Michele A. Gatheridge, MD1; Jennifer M. Kwon, MD1,2; Jerry M. Mendell, MD3; Günter Scheuerbrandt, PhD4; Stuart J. Moat, PhD5; François Eyskens, MD, PhD6; Cheryl Rockman-Greenberg, MD, CM7,8; Anthi Drousiotou, PhD9; Robert C. Griggs, MD1
[+] Author Affiliations
1Department of Neurology, University of Rochester School of Medicine and Dentistry, Rochester, New York
2Department of Pediatrics, University of Rochester School of Medicine and Dentistry, Rochester, New York
3Department of Pediatric Neurology, Nationwide Children’s Hospital and Ohio State University, Columbus, Ohio
4private practice in Breitnau, Germany
5Wales Newborn Screening Laboratory, Department of Medical Biochemistry and Immunology, University Hospital of Wales and School of Medicine, Cardiff University, Cardiff, Wales
6PCMA (Provincial Centre for Metabolic Disorders)–Newborn Screening and Genetic Biochemistry Laboratory, University Hospital of Antwerp, Antwerp, Belgium
7Department of Pediatrics and Child Health, University of Manitoba, Winnipeg, Manitoba, Canada
8Department of Biochemistry and Medical Genetics, University of Manitoba, Winnipeg, Manitoba, Canada
9Department of Biochemical Genetics, Cyprus Institute of Neurology and Genetics, Nicosia, Cyprus
JAMA Neurol. 2016;73(1):111-116. doi:10.1001/jamaneurol.2015.3537.

Objectives  To review non-DMD muscle disorders identified by prior DMD screening programs and to investigate whether these programs failed to identify patients later diagnosed as having DMD (false-negative findings).

Evidence Review  Since 1975, 10 DMD newborn screening programs have provided opportunities to study screening protocols, outcomes, and parental responses. These programs used elevated creatine kinase levels in dried blood spots for the initial screening, with the diagnosis of DMD based on findings of clinical follow-up, muscle biopsy, or direct mutational testing of the DMD gene. Literature regarding these prior programs was reviewed in PubMed, and the programs were discussed directly with the directors when possible to identify diagnoses of non-DMD disorders and false negative results from 1975 to July 12, 2015. Data were collected from screening programs, which were active between 1975 and December 2011. Data were analyzed from March 26, 2015, to August 24, 2015.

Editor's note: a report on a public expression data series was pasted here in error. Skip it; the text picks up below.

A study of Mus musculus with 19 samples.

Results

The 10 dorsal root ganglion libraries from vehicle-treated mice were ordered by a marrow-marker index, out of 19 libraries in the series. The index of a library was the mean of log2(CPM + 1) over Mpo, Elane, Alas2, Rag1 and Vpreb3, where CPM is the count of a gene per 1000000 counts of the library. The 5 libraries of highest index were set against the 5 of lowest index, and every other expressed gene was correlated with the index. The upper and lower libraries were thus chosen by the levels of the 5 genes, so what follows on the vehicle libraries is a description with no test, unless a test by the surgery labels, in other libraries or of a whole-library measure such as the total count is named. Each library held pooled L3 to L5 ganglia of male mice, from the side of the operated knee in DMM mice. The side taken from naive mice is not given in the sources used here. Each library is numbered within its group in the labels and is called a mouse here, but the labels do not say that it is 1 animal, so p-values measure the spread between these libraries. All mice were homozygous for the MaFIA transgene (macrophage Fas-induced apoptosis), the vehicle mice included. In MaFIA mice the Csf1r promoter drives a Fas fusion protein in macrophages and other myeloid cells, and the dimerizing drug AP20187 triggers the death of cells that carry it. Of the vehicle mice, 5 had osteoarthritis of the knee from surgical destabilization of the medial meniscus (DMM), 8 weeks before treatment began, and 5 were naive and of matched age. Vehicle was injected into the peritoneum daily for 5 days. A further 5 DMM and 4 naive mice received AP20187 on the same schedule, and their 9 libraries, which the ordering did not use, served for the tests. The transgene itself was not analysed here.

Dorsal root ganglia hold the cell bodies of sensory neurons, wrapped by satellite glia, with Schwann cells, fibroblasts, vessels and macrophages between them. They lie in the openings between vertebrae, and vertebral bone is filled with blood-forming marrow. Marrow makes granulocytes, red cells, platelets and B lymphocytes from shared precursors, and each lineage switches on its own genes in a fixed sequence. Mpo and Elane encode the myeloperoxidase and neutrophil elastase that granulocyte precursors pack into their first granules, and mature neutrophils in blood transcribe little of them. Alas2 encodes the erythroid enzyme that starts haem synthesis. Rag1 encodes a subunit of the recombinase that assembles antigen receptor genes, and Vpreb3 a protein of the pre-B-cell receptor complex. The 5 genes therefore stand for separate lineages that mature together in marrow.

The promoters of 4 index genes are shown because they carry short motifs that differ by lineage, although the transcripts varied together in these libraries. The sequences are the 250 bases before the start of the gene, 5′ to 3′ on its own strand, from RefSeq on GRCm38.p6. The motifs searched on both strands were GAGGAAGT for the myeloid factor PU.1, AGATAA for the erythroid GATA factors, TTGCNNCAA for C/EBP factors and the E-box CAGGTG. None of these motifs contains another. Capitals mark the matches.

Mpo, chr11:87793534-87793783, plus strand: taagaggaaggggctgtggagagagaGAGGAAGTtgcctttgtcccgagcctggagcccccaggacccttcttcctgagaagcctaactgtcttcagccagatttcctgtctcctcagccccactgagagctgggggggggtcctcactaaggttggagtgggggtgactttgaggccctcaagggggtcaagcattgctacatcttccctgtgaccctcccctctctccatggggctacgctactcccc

Findings  The 10 screening programs screened more than 1.8 million newborns between 1975 and 2011, and 344 were diagnosed with DMD. Of those screened, the majority were boys. Across all programs, 80 patients had positive results for non-DMD disorders, including Becker muscular dystrophy and forms of limb-girdle and congenital muscular dystrophies, and 21 patients had false-negative findings for DMD.

Conclusions and Relevance  Screening for DMD will result in identification of other muscle diseases. Future screening protocols should include infants of both sexes and include follow-up testing algorithms to evaluate patients who do not have DMD gene mutations but may have another muscle disorder associated with elevated neonatal creatine kinase levels. These programs will need to be aware that false-negative results are a possibility.